Want the good news or the bad news first? The bad news? "In 2020 there were 1,885 young drivers who died in traffic crashes, a 17-percent increase from 1,616 in 2019."

The Good News

Photo by leah hetteberg on Unsplash - Click for link
Photo by leah hetteberg on Unsplash - Click for link

According to Zutobi.com, Minnesota has the least teenage driving fatalities in the country, with 9.52 deaths per 100,000 teenage drivers. Of course, even as the state with the least, it's still a lot of teenagers dying needlessly.

What Is Causing These Deaths?

A mans hands in handcuffs behind his back

This information will likely not surprise you, but the three main factors putting teens at risk are drinking booze, speeding, and distracted driving. These are some things that adults do, too. And all three are super easy to avoid.

  • Don't drink and drive.
  • Don't speed.
  • Pay attention to your driving.

Fast Stats About Our Kids Dying Needlessly Behind the Wheel

Information from the National Traffic Highway Safety Administration (NTHSA)

  • In 2020 there were 1,885 young drivers who died in traffic crashes, a 17-percent increase from 1,616 in 2019.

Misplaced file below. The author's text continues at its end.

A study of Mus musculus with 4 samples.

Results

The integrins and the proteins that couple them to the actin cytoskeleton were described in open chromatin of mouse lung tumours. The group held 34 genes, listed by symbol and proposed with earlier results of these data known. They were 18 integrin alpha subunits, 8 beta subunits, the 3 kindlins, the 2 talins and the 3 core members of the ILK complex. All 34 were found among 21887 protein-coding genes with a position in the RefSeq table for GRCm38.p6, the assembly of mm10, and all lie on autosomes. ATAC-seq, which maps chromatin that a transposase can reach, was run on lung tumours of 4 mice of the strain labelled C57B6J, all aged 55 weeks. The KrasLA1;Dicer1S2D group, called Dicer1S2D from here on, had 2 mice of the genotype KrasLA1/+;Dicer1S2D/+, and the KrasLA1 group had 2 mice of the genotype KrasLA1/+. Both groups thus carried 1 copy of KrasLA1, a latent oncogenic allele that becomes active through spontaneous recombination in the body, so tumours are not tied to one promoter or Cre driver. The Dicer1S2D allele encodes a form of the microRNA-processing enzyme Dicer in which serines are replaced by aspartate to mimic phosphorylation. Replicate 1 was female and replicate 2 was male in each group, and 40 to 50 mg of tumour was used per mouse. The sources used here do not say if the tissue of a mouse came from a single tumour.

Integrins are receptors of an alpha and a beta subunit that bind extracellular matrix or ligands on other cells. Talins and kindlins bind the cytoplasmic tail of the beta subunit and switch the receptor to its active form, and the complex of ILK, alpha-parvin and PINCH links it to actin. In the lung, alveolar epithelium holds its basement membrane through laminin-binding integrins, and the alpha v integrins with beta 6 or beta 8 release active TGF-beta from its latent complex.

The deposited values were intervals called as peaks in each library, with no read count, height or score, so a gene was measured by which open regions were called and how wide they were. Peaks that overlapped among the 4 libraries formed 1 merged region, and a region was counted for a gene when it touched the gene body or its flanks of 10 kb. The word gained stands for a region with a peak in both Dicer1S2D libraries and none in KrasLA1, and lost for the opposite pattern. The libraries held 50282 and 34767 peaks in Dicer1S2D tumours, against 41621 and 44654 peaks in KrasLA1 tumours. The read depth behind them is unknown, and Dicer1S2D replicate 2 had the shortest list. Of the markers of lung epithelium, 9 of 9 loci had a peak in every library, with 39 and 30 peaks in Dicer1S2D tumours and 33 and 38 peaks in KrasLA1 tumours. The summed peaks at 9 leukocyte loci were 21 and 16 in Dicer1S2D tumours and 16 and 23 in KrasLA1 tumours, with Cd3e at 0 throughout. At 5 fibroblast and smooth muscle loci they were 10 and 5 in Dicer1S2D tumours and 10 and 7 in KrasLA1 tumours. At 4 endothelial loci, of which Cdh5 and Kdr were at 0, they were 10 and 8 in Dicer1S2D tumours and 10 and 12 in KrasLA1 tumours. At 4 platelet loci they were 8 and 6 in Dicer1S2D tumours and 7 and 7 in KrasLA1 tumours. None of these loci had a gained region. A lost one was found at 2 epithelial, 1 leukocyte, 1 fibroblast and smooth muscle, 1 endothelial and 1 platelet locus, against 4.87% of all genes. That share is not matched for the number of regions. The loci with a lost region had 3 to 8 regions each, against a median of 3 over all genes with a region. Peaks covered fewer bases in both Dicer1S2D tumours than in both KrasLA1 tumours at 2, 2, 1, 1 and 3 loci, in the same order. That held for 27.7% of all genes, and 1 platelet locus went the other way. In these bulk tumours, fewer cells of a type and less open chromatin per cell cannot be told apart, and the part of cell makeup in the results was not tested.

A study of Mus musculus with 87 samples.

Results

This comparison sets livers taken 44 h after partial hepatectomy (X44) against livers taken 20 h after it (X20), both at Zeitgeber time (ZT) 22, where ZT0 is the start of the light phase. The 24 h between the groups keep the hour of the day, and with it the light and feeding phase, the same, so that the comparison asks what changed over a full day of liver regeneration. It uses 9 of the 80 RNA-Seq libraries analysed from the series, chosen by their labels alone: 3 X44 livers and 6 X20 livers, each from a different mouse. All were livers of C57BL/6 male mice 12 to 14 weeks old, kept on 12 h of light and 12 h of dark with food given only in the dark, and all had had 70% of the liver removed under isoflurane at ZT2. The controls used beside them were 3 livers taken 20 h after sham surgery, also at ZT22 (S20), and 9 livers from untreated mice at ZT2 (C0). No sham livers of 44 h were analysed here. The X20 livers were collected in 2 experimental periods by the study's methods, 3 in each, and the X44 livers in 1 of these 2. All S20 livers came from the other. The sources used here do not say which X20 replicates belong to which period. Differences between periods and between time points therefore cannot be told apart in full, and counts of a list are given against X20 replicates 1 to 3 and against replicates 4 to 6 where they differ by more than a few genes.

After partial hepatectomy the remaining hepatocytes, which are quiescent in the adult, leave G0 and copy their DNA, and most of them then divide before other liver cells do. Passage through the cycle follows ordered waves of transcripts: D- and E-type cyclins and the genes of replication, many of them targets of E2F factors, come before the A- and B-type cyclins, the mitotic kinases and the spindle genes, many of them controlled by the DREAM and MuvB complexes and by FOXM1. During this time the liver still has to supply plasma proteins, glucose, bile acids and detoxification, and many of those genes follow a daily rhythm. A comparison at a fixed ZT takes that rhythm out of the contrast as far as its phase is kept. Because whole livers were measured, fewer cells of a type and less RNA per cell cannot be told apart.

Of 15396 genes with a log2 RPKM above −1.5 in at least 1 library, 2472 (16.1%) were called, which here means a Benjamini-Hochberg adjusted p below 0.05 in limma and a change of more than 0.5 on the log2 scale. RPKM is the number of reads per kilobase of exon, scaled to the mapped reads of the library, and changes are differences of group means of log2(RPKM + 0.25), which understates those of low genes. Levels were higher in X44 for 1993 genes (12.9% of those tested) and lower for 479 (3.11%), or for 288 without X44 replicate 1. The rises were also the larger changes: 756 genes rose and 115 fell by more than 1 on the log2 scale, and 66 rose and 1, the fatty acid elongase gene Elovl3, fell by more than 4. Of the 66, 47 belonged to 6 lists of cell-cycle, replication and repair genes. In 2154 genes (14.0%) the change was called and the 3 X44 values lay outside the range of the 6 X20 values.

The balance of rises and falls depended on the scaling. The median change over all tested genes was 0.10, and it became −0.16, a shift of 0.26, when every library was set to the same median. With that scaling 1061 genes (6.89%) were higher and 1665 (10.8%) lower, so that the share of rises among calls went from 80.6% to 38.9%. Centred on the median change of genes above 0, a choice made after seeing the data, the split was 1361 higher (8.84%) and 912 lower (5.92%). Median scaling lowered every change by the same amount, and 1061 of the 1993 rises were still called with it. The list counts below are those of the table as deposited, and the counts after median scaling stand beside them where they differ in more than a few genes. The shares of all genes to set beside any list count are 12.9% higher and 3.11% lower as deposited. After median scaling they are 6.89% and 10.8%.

• The number of licensed young drivers decreased by 4.7 percent from 2019 to 2020.
  • In 2020 there were an estimated 189,950 young drivers injured in traffic crashes, a decrease of 7 percent from 204,862 in 2019.
  • Young drivers accounted for 8.5 percent of all drivers involved in fatal crashes in 2020. However, young drivers were only 5.1 percent of all licensed drivers in 2020.
  • Young drivers involved in police-reported crashes decreased by 20 percent from 1,378,604 in 2019 to 1,105,471 in 2020. However, young drivers involved in fatal crashes increased by 14 percent from 3,999 in 2019 to 4,561 in 2020.
  • The rate of drivers involved in fatal crashes per 100,000 licensed drivers for young female drivers was 21.54 in 2020. For young male drivers in 2020, the involvement rate was 56.59, more than twice that of young female drivers.
  • Of the young drivers killed with known restraint use, 52 percent were unrestrained at the time of the crashes in 2020, which is similar to the percentage of all drivers of passenger vehicles killed (51%).
  • Although people under 21 are legally prohibited from drinking alcohol, 29 percent of young drivers 15 to 20 years old who were killed in crashes in 2020 had blood alcohol concentrations (BACs) of .01 grams per deciliter (g/dL) or higher; 82 percent of those young drivers who had alcohol in their systems also had BACs of .08 g/dL or higher.
  • In 2020 there were 219 motorcycle riders 15 to 20 years old killed in crashes, and an additional estimated 6,472 in that age group were injured.

Please, talk to your kids. Make sure they know the stats. Make sure they hear you say how important it is to you they're careful.